Dave Anderson's Forest Journal: Poison ivy is a plague you learn to avoid
As a lad, I was constantly plagued with itchy, weeping poison ivy blisters and slathered with Calamine lotion. (Why did it have to be so . pink?) I was briefly hospitalized from a secondary infection inside my fingers. Poison ivy made me suffer.
More important is to learn poison ivy's preferred habitats.
One local mom, Heather Moran, recently passed along her family's natural remedy for poison ivy rash. Ingredients: cosmetic clay, fine-grain sea salt and peppermint essential oil. Make a paste with clay and a pinch of sea salt in a small bowl, and add one or two drops of peppermint. Apply the paste to the rash, and let it dry. Keep re-applying until the rash stops oozing.Urushiol is the plant-specific "oleoresin" contained in poison ivy sap and released when plant tissues are damaged or crushed. It seeps to leaf surfaces in late autumn to form a black lacquer in contact with oxygen. Oleoresins are valued for production of certain varnishes, sticky adhesives and glazes. Urushiol lacquer is used to produce the traditional Chinese, Korean and Japanese lacquer-ware pottery. Poison ivy grows in the temperate regions of Asia. In North America, it grows in the states east of the Rocky Mountains. It is most common in the suburban and exurban regions of New England, as well as Mid-Atlantic and southeast states.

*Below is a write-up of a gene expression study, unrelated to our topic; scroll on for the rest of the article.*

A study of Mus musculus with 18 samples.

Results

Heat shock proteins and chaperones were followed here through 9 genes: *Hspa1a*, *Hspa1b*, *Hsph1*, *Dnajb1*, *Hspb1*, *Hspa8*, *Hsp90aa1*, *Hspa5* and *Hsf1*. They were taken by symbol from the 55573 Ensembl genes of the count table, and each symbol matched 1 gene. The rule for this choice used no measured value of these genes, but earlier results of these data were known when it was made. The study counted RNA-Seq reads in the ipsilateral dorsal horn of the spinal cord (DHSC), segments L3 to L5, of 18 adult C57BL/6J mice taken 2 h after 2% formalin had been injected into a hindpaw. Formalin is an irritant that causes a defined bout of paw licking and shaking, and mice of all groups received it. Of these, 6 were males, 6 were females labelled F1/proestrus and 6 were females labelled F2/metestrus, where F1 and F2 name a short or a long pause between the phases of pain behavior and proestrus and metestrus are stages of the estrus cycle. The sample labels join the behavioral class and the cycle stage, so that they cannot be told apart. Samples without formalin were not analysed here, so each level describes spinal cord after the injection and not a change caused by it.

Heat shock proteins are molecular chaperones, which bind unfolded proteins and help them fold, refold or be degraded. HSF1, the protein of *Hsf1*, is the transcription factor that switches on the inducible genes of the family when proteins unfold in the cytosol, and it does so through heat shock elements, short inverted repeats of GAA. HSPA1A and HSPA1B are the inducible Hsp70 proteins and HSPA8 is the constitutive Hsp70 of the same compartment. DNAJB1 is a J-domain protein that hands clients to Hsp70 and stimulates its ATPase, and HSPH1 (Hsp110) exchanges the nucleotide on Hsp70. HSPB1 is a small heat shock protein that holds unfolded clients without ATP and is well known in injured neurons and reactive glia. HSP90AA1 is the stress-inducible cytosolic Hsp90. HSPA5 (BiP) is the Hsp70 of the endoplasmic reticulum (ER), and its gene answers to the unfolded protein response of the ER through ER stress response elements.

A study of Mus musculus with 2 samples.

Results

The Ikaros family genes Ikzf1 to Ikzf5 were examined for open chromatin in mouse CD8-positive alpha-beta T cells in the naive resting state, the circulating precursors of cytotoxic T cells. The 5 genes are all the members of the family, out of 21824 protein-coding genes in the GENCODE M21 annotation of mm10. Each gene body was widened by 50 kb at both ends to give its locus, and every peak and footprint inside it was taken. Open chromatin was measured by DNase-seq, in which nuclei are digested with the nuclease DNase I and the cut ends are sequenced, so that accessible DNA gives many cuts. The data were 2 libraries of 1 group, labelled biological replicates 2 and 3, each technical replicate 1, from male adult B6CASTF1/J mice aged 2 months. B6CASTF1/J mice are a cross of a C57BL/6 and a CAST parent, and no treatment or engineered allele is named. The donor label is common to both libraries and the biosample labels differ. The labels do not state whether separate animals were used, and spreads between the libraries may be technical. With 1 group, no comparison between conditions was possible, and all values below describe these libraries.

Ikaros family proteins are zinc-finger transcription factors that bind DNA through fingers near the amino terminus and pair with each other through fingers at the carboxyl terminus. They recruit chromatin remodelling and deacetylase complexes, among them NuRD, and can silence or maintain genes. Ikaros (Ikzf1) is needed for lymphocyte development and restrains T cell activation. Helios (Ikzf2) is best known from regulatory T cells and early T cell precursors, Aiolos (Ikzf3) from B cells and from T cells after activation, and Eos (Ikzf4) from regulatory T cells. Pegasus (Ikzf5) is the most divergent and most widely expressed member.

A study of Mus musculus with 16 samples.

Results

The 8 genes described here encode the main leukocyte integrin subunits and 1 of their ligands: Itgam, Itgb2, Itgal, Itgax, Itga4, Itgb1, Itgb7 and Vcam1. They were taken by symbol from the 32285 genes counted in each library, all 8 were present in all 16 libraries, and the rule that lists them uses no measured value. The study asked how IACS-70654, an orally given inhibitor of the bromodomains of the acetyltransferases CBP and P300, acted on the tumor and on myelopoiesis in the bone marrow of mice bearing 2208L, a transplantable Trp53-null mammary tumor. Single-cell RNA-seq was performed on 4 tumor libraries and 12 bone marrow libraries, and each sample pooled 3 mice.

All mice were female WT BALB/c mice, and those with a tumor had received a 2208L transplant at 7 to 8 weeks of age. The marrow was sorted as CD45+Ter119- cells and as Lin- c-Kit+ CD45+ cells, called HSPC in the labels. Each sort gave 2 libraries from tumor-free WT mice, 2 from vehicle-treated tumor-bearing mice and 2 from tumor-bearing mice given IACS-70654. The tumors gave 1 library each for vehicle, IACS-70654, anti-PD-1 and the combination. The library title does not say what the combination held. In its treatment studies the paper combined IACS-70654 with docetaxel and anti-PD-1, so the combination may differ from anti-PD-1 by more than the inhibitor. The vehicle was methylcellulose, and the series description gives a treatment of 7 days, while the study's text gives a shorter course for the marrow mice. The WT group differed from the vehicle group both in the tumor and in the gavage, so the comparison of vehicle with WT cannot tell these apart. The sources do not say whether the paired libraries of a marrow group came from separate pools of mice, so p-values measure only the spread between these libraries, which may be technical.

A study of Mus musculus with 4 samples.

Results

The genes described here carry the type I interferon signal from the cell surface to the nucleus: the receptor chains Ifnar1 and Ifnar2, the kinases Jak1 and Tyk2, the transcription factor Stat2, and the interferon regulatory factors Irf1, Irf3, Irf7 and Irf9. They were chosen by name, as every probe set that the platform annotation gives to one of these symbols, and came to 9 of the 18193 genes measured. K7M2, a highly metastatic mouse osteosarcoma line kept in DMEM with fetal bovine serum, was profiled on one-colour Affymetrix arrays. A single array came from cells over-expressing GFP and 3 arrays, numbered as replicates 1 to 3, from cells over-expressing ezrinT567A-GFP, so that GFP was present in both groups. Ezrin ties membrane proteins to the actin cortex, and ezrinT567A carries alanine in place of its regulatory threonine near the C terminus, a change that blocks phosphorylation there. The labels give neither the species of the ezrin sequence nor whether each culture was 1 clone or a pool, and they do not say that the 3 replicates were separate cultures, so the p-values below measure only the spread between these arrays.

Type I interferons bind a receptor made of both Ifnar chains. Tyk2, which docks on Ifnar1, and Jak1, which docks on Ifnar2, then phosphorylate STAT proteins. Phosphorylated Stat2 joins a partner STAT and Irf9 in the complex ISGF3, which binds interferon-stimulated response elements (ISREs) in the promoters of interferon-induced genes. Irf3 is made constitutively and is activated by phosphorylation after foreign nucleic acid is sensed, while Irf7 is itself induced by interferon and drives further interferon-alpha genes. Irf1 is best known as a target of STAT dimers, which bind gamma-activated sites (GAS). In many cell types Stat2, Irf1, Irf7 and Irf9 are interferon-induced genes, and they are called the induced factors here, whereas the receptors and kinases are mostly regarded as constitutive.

Poison ivy is far more common now than four centuries ago when Europeans first arrived in North America. People opened the forest canopy to sunlight and scraped-away damp, spongy, humus layers of soil.
Each summer, new generations of suburban kids find ways to escape the civilized confines of tidy playgrounds and manicured back yards to unintentionally become acquainted with this humble three-leaved plant. Poison ivy is weedy, opportunistic, tenacious and highly successful. It chemically teaches self-defense and adaptability. Poison ivy mirrors us. It follows us.
"Forest Journal" appears every other week in the New Hampshire Sunday News. Naturalist Dave Anderson is director of Education and Volunteer Services for the Society for the Protection of New Hampshire Forests. Email him at firstname.lastname@example.org or through the Forest Society Web site: forestsociety.org.